Does money buy happiness? The rapidly expanding literature on what determines “subjective well-being” appears to suggest a negative answer to this timeless question. Studies consistently find, for example, that when the incomes of everyone in a community grow over time, conventional measures of well-being show little change.Good stuff. The article goes into some example of how welfare and happiness are different. A worthy read.
Many critics of economic growth interpret this finding to imply that continued economic growth should no longer be a policy goal in developed countries. They argue that if money buys happiness, it is relative, not absolute, income that matters. As incomes grow, people quickly adapt to their new circumstances, showing no enduring gains in measured happiness. Growth makes the poor happier in low-income countries, critics concede, but not in developed countries, where those at the bottom continue to experience relative deprivation.
All true. But these statements do not imply that economic growth no longer matters in wealthy countries. The reason, in a nutshell, is that happiness and welfare, though related, are very different things. Growth enables us to expand medical research and other activities that clearly enhance human welfare but have little effect on measured happiness levels.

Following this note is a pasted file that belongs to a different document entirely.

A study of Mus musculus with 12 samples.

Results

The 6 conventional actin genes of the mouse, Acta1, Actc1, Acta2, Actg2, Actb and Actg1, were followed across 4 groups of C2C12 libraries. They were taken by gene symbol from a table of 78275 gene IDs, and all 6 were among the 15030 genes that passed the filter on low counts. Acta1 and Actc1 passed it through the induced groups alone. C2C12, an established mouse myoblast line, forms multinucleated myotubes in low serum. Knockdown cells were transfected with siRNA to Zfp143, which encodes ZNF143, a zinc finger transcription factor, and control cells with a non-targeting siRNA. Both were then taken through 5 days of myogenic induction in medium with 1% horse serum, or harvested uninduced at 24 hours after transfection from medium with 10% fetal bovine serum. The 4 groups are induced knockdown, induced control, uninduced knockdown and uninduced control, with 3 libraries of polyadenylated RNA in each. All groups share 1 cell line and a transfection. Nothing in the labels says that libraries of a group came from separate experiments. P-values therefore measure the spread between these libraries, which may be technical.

Critics of economic growth cite its threat to the planet’s survival. Yet it is not growth per se that threatens, but rather certain kinds of growth. Driving more S.U.V.’s causes harm, but taking more piano lessons does not. Any country with a government not beholden to corporate interests could easily curb environmentally harmful activities through taxation and regulation, redirecting spending toward things that really matter. Across developed countries, higher growth rates are actually associated with cleaner environments, not dirtier ones. The United States is the world’s largest emitter of greenhouse gases not because of its wealth but in spite of it.